India captain Virat Kohli heaped praise on Rohit Sharma, saying chasing big totals will never be difficult as long as he has the vice-captain's company in the middle.
Kohli played the aggressor's role in their 246-run stand that helped India gun down a tricky target of 323 with 47 balls to spare in the first of the ongoing five-match ODI series against the West Indies on Sunday.
It was also the sixth double century stand between Kohli and Rohit in ODIs as the two right-handers, with their effortless displays of big-hitting, made sure the packed crowd at Barsapara Cricket Stadium, Guwahati had their money's worth.
Despite losing Shikhar Dhawan early, India never looked in trouble during the chase as Kohli and Rohit were punishing the West Indies bowling unit that lacked the firepower and experience to even test the two top-ranked ODI batsmen.
Kohli just needed 107 balls for his 140 while Rohit wrapped up the chase with a big hit that took him to 152 — a record-breaking sixth 150-plus score in ODIs.
"It feels pretty good. It was very convincing for us. West Indies put up a really good total. 320 targets are very tricky, but we knew we could do it with a big partnership. It's never too difficult when you have Rohit at the other end," Kohli said.
"Among the top three, I mostly take the anchor role because both Rohit and Shikhar [Dhawan] are good stroke-makers. Kohli was adjudged man-of-the-match for his 107-ball knock and the India skipper said he enjoyed his batting today.
"It was one of those days where I felt good and I told Rohit I will continue to bat this way positively and maybe you can play the anchor role.
"It's our 5th or 6th double-century partnership, it's a pleasure to bat with him. When we are batting like that, it's good fun out there and we know the team will benefit from it as well."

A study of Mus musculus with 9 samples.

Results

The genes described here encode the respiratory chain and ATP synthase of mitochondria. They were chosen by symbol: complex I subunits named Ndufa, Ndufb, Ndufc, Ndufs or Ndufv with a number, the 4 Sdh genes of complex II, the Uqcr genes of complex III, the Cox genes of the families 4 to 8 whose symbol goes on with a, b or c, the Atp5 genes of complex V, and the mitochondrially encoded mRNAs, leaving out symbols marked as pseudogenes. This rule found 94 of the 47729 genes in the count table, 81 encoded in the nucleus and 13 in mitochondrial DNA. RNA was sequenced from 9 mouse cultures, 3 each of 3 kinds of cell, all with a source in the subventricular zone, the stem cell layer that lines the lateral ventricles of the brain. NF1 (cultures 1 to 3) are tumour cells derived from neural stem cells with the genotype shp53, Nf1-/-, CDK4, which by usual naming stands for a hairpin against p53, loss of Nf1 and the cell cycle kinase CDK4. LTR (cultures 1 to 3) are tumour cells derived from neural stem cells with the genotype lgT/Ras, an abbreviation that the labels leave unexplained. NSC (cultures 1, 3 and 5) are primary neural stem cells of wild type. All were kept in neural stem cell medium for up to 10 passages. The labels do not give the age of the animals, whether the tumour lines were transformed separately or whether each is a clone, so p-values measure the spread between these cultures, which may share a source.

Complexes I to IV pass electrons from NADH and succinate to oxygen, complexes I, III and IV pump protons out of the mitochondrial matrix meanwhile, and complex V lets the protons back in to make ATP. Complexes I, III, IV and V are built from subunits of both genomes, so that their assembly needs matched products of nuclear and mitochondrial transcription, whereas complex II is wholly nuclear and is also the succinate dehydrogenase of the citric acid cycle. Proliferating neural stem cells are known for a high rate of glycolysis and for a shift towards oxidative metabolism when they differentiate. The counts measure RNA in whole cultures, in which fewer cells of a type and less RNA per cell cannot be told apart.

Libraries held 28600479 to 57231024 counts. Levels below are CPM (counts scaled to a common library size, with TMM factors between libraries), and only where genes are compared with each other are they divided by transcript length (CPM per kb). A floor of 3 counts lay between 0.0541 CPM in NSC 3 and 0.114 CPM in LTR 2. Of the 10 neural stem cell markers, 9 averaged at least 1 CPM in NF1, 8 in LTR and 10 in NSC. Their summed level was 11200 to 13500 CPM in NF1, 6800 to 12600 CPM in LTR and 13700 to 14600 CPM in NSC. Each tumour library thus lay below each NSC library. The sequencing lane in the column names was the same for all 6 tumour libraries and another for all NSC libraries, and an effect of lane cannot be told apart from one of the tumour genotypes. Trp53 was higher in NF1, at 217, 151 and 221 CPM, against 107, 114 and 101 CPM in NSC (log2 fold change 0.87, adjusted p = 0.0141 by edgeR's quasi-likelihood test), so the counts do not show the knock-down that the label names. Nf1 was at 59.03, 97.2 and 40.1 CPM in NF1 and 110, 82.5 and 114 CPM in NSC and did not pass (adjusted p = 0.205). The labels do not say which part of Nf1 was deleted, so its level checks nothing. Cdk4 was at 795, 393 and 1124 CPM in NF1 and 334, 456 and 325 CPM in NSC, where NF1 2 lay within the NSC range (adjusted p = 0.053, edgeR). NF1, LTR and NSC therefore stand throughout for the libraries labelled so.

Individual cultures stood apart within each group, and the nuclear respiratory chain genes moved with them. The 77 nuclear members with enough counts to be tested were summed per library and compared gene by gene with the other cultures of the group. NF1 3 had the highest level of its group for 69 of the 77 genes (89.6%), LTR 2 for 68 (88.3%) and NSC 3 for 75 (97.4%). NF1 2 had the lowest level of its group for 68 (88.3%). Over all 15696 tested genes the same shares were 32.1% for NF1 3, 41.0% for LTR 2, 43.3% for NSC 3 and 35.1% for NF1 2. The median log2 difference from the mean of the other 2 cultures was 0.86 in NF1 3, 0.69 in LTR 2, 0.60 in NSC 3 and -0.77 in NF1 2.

Can't afford to take any game lightly: Kohli
Kohli wasted no time in getting back to what he does best — score centuries at will— on his comeback to ODI cricket after a three-month hiatus. The skipper looked in fine touch early in the innings as he was hitting West Indies pacers Kemar Roach and debutant Oshane Thomas out of the attack.
Kohli brought up his 36th ODI ton, 60th overall in international cricket, eventually breaking Sachin Tendulkar's record by becoming the fastest man to get the landmark. Notably, the Master Blaster had needed 426 innings,40 more than the 29-year-old, to hit 60 tons.
Speaking about what seems to be an unquenchable thirst for runs, Kohli said: "I have few years left in my career to enjoy this sport. Playing for the country is a matter of pride and a huge honour.
"You can't afford to take any game lightly. You got to be honest to the sport and that is when the sport gives you back. I try to do that. That's my basic thinking, because you are playing for India and not everyone gets to do that."
During the course of his free-flowing ton, Kohli also became only the fourth batsman after Tendulkar (1996-98), Matthew Hayden (2002-04) and Joe Root (2015-17) to amass 2000 international runs in a calendar year for the third straight year.